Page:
Looter A: Listen, mate, two quid will get you ten boxes of the latest Franzen, in hardcover.
Looter B: Bollocks! What about the new Xbox 360 games?
Cutbacks in social services for the poor helped trigger riots this week in England, and good old consumerism kept enthusiasm high among participants. Interestingly, looters were quick to hit outlets that sold hi-tech toys, but they shunned bookstores. Were they put off because they don’t read or because books have little resale value?
From The Atlantic Wire:
Most people seem to be embracing the theory that the rioters simply didn’t want books, particularly in the digital age. “The only shop NOT looted down the road from where I live was Waterstones [bookstore],” British author Patrick French tweeted. “I guess the rioters have Kindles–bought or looted.” Martin Fletcher touched on a similar theme at the end of a report for NBC News. “A final thought that may say a lot about our times,” he concluded. “In this shopping center every store had been looted but one, the book store.” The “underlying message for bookshops,” The Economist adds, is “hardly front-page news: looters, like more conventional consumers, are all too happy to ignore their wares.”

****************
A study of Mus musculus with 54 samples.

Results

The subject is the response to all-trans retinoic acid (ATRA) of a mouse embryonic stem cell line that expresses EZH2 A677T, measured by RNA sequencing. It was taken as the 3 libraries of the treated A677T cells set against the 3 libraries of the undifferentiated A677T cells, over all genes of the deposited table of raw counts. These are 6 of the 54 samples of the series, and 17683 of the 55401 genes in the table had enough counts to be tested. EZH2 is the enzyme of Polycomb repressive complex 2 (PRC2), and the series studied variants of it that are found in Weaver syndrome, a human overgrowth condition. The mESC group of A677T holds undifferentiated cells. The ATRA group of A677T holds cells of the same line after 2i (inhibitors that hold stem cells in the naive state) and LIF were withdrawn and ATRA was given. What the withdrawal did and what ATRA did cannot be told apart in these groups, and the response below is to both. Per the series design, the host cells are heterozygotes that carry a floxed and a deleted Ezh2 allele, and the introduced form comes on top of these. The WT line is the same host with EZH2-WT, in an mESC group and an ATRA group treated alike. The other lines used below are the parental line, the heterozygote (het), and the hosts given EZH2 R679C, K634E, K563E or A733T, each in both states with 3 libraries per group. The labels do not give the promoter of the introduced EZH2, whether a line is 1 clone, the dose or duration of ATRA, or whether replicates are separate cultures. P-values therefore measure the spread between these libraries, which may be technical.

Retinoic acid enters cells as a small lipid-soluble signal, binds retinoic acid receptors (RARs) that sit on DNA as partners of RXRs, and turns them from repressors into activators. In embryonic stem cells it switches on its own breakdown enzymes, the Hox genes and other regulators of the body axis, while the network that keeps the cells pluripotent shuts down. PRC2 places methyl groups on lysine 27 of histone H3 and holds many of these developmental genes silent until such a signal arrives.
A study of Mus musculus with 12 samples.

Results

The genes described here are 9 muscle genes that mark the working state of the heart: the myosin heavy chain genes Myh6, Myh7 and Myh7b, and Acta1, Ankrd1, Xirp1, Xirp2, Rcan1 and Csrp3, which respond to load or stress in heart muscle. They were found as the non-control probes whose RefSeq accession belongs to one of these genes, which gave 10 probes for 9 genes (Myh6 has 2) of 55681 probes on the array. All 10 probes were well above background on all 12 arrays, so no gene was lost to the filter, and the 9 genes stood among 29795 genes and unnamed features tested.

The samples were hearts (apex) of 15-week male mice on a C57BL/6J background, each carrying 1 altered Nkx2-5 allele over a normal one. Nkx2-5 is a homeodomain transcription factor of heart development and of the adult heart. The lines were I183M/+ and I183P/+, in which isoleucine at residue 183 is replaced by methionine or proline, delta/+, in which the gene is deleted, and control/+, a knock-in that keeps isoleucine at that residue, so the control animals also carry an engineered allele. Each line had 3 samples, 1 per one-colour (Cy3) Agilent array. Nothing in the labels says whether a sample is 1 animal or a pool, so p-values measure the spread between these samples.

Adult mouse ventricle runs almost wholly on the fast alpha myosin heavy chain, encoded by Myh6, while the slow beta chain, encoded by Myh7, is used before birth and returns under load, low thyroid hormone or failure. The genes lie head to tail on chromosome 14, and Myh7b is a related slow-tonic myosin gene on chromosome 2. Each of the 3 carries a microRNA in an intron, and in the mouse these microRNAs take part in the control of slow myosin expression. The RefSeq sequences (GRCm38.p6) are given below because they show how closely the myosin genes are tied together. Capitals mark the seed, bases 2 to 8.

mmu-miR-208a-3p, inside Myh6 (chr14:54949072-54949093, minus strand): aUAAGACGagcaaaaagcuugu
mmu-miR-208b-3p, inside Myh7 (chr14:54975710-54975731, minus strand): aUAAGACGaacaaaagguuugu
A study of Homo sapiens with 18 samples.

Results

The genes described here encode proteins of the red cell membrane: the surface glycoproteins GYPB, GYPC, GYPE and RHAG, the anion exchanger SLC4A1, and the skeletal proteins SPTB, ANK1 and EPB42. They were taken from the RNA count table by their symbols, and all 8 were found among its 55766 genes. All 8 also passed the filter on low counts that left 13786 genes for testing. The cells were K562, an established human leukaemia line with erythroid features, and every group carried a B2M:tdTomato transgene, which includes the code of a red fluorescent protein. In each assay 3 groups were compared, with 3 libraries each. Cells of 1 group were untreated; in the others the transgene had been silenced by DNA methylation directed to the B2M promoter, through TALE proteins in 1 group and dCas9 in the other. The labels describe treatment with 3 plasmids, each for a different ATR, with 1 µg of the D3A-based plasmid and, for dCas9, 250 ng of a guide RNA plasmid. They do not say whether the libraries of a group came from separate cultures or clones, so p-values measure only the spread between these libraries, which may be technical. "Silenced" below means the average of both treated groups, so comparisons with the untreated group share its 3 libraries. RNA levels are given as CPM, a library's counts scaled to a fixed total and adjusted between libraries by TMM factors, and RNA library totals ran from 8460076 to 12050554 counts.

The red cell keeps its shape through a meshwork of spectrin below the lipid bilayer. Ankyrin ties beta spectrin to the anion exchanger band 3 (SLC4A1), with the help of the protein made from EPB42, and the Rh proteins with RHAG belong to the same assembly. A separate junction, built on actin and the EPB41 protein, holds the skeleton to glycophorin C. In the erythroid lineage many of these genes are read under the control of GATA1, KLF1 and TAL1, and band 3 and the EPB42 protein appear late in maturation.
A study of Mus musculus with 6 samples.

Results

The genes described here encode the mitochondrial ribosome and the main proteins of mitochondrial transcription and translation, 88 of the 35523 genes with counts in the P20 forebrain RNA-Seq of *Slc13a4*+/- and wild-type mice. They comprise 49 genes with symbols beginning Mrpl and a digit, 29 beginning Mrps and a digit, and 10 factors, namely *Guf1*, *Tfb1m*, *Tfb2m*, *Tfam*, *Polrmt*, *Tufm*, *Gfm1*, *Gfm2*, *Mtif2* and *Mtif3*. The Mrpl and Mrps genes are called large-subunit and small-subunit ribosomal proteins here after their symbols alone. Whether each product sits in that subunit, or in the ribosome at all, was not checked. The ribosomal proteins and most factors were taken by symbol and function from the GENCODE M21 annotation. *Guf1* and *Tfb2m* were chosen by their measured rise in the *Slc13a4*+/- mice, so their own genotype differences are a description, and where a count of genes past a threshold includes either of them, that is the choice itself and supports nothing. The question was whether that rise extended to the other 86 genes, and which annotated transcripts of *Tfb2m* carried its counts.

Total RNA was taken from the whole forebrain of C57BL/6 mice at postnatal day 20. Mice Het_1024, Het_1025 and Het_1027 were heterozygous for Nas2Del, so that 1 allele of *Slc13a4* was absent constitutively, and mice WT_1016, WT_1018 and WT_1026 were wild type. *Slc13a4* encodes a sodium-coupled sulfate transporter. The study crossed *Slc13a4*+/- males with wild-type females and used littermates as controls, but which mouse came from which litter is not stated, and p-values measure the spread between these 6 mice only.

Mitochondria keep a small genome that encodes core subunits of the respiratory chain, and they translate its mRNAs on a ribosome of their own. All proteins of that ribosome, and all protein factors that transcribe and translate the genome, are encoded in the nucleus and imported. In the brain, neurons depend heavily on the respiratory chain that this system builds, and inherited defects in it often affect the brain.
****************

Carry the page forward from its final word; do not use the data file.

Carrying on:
Big Green Bookshop co-owner Simon Key, however, suggests the rioters may have been motivated more by economics than pure consumer desire. “The people who were doing this were mainly going for phone shops, high fashion shops and HMV, looking for stuff that they could sell on,” he told The Financial Times. “Bookshops weren’t top of the list.”